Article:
By John Bitzegaio
In March of 2019 I attended a breakfast meeting of the Beach Dems at “Friendly’s.” Being a new resident to the area, I have found these meetings to be informative opportunities to meet like-minded people and hear about issues of shared concern. The food is good, too.
On this day I was fortunate enough to have been seated between an elderly white man and an elderly black man. They had never met each other but they had a shared interest in a most fascinating piece of Myrtle Beach history. Their mutual interest was in a nightclub called “Charlie’s Place.”
The white man had researched at Coastal Carolina University about the night in 1950 when a parade of KKK members terrorized the club.
Shots were fired, several were wounded, and Charlie was severely beaten – but no one was ever prosecuted.
The black man was Herbert J. Riley. He was actively involved in the preservation of “Charlie’s Place” and its history. I recently learned that he passed away in July. However, the preservation project is underway, and the history of “Charlie’s Place” and the events of that era are generally well documented, and truly interesting.
I found that PBS produced a documentary about this history that is still available on YouTube. I highly recommend that you view it.
The show focuses on the role that “Charlie’s Place” played in “Green Book” venues, especially along the “Chitlin’ Circuit.” Some of the greatest black musicians played there, including Billie Holliday, Ray Charles, Ruth Brown, and Little Richard. This PBS/ET documentary won an Emmy in June 2019.
Politics were highly charged regarding race relations in that era. Black residents had only recently acquired complete voting rights. One politician is shown speaking to a crowd of supporters, in the documentary, that echoes the rhetoric that we hear today coming from many Republicans.
He says, “If you’re happy with the communists and the nigra running affairs of your country, then I say you sit back down on your tail and let ‘em run it. Because that’s what you want. But I say to the people that does not want the nigra, and does not want the socialists, or the liberal element in this country running their business. I ask you now to rise up and be a white man!”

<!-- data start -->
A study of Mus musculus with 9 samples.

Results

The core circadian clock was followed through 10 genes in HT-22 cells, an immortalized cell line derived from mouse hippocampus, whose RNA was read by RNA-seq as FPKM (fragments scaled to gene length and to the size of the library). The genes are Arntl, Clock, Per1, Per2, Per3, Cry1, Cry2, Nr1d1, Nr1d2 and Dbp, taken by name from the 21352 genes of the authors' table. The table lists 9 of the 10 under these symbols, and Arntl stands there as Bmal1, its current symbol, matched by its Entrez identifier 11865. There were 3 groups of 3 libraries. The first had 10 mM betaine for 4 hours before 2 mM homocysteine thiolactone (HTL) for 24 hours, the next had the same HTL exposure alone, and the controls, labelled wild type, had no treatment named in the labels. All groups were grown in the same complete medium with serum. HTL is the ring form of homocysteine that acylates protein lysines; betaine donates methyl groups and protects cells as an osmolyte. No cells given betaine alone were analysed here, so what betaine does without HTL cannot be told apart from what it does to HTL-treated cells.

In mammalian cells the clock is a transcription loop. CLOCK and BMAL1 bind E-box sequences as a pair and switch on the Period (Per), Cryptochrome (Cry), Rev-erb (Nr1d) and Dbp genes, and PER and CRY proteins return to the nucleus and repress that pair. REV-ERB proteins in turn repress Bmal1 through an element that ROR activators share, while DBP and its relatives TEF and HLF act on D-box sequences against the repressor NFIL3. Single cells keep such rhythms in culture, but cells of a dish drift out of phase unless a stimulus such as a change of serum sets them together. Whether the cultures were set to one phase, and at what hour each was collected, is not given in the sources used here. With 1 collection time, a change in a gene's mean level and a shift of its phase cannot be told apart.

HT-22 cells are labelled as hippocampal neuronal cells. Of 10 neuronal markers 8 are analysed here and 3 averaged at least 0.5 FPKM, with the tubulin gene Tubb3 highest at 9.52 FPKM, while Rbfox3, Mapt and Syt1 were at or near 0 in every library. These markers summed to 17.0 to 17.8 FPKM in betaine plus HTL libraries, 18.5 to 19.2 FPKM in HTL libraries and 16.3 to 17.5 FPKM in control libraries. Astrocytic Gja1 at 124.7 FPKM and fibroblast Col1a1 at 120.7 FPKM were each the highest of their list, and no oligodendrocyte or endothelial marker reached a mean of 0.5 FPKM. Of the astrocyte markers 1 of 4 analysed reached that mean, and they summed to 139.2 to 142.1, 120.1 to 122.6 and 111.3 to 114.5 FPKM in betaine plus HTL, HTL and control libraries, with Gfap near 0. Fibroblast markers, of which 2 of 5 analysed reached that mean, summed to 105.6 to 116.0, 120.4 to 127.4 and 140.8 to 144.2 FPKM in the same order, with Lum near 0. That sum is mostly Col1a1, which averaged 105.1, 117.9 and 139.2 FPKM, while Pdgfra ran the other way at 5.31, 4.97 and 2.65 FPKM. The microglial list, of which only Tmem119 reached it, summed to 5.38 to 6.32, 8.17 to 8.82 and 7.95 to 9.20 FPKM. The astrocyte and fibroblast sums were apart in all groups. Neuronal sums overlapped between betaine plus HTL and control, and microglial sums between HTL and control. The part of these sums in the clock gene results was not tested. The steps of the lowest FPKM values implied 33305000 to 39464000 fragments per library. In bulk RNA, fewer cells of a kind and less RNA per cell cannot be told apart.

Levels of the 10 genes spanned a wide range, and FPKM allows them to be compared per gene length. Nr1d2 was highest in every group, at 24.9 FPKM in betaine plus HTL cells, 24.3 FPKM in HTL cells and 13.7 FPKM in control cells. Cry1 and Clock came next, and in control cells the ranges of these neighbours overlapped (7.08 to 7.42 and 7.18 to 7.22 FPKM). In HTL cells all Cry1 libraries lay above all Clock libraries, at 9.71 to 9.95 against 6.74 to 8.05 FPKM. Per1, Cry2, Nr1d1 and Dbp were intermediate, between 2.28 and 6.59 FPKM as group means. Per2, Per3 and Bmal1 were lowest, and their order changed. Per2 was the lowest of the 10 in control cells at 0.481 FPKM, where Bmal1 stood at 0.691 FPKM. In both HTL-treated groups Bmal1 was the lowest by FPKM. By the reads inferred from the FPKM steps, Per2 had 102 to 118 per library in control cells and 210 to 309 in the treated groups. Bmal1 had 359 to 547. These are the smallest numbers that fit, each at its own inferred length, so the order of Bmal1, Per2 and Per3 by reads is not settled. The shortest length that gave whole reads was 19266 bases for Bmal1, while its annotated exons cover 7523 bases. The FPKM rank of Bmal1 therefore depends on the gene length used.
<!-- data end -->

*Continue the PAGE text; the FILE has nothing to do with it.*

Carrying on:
There is also an historical marker at the site of the former nightclub. It reads:
Charlie and Sarah Fitzgerald opened Charlie’s Place as a supper club in 1937. It was a stop on the “Chitlin’ Circuit,” nightclubs where black entertainers such as Billie Holliday, the Mills Brothers, Little Richard, Ruth Brown, Otis Redding, and the Drifters performed during the era of racial segregation.
While the club is gone, the Fitzgerald Motel, built in 1948, remains. The motel served black entertainers and travelers that could not stay in whites-only hotels. Oral tradition holds that “the Shag,” a form of southern swing dancing, originated here. Both white and black customers gathered here to listen to music and dance.
In 1950 the Ku Klux Klan led a parade through “The Hill,” the African American neighborhood where Charlie’s Place was located. The Klan returned later and shots were fired into the club, injuring many. Charlie was severely beaten, but survived. Some Klansmen were charged, but no one was prosecuted.”
Phase One of the “Charlie’s Place” preservation project is complete. That included reconstruction and remodeling of the Fitzgerald’s house in an effort for it to be used as a community center and event space. Workers also added space to the rear to include restrooms for visitors attending activities. Phase two will focus on restoring and reconstructing the old motel beside the Fitzgerald’s home. A few of the rooms will be kept as museum pieces of the era.
The Myrtle Beach Jazz Festival supports the project, and community donations are encouraged. As Herbert Riley, president of the Carver Street Economic Renaissance Corp. said, “We are involved in the resurrection of our community, and we are using the entertainment venue as a springboard to bring life back to this community. This has got big buzz in the community. It gives us a chance to have vendors on Carver Street, which is something we’ve been trying to do for a long time.”
I cherish that breakfast conversation we had at “Friendly’s.” I am discovering part of the area’s rich history, and looking forward to witnessing the growth and progress of this endeavor.